A richly readable and authoritative addition to the literature of wine.
This first installment reads like the work of a man who has already written abundantly about himself. He often tells stories that, he acknowledges, he has told before. He includes the texts of speeches he has made.
While he helpfully leads readers into the dugout of modern genetics and sports science, his overall conclusions challenge few assumptions.
Most compellingly, he argues that increased biological research and experimentation might herald a shift that would rival the Industrial Revolution in terms of social change. There’s much to savor here—even in the footnotes.
Livio’s book is a valuable antidote to this skewed picture. He profiles five great scientists — Einstein, Charles Darwin, Lord Kelvin, Linus Pauling and Fred Hoyle...into a thoughtful meditation on the course of science itself.
...to understand the whole man, one must understand why Oppenheimer did not win a Nobel Prize and why he did not carry on his work in nuclear physics. Mr. Monk finesses this about as well as a biographer can...
...these concepts are so lost in a heap of digressions, interludes and fables...that the signal-to-noise ratio may prove to be too much for all but the most dedicated tech readers.
In addition, we find the wistful, nostalgic tone—a Bradbury trademark—and his preoccupation with children and the most child-like of technologies: namely spaceships, human-like robots...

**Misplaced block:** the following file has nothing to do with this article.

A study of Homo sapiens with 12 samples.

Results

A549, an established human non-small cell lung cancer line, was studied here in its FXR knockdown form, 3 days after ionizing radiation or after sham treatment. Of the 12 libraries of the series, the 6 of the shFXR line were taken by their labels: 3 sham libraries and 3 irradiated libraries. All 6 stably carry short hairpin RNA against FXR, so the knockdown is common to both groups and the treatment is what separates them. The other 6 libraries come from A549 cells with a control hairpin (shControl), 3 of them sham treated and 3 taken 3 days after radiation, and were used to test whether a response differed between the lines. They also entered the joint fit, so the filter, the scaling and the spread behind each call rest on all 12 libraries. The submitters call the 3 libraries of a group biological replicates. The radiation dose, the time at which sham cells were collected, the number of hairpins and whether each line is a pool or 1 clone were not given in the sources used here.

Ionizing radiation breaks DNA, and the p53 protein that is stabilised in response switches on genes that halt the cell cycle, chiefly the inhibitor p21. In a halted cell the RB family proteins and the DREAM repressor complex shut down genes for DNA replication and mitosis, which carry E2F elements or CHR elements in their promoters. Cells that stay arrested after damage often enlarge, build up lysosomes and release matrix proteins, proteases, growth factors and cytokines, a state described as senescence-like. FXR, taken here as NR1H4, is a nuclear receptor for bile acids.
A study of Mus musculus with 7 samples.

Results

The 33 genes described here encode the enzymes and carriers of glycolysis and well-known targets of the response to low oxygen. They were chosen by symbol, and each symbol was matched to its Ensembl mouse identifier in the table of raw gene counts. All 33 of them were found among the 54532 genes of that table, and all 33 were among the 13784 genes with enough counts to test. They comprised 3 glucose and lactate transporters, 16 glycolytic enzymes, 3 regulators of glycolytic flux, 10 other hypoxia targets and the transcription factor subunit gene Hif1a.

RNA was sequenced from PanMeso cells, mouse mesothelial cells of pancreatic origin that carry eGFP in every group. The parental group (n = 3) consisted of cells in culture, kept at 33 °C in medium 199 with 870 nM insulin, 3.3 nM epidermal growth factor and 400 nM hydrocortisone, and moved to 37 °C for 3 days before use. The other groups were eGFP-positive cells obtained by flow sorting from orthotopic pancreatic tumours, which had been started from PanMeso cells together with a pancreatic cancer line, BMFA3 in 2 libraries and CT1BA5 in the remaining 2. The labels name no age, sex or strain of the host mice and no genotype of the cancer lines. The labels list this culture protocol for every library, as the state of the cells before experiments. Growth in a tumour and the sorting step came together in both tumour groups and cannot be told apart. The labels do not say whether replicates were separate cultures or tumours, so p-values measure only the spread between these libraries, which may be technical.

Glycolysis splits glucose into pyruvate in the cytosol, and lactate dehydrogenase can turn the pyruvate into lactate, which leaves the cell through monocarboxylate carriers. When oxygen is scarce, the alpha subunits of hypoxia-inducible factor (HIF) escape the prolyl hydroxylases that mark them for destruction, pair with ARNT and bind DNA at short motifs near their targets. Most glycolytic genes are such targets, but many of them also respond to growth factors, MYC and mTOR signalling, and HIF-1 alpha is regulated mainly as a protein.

The Anatomy of Violence is an astonishingly accessible account of all the major elements— environmental, social, biochemical, psychological, and neurological—related to crime and human violence...
Cooked is a call to all of us to get back to our kitchens and cook our own food as nature intended. “Eat food. Not too much. Mostly plants.” And cook it at home.
This book is a balefully seminal work in which neither author has the language to see, much less to express, the titanic centralizing evil they are constructing....Zealots of the cult of consumer technology will find little to inspire them here, not that they ever seem to need it.
Putting aside the sensational ideas proposed in “Time Reborn,” it is a triumph of modern physics that we are even asking such questions as what determined the initial conditions of the universe.
...if accounting for natural capital ever does become conventional corporate wisdom, Tercek has a point; and in the meantime, his arguments are very much worth reading.
Intelligent and thought-provoking views into the complexities of addiction and recovery.
What The Athena Doctrine doesn't do is establish that these initiatives...are specific expressions of what John Gerzema and Michael D'Antonio dub "Athena" values.
The book can’t help the reader develop a more nuanced appreciation of the mechanics of these ideas in real life operation. In short, you walk away from the book wanting more.
Mr. Morozov's grumpy, curmudgeonly prose may not necessarily make him someone you would enthuse about as a dinner guest. But when the Internet speaks to us from its growing platforms, you definitely want him looking over your shoulder...
Provocative, smart, densely argued—and deserving of a wide audience and wider discussion.
“Naked Statistics” is a revealing look at statistics’ bare essentials.
Brain on Fire comes from a place of intense pain and unthinkable isolation, but finds redemption in Cahalan's unflagging, defiant toughness. It's an unexpected gift of a book from one of America's most courageous young journalists.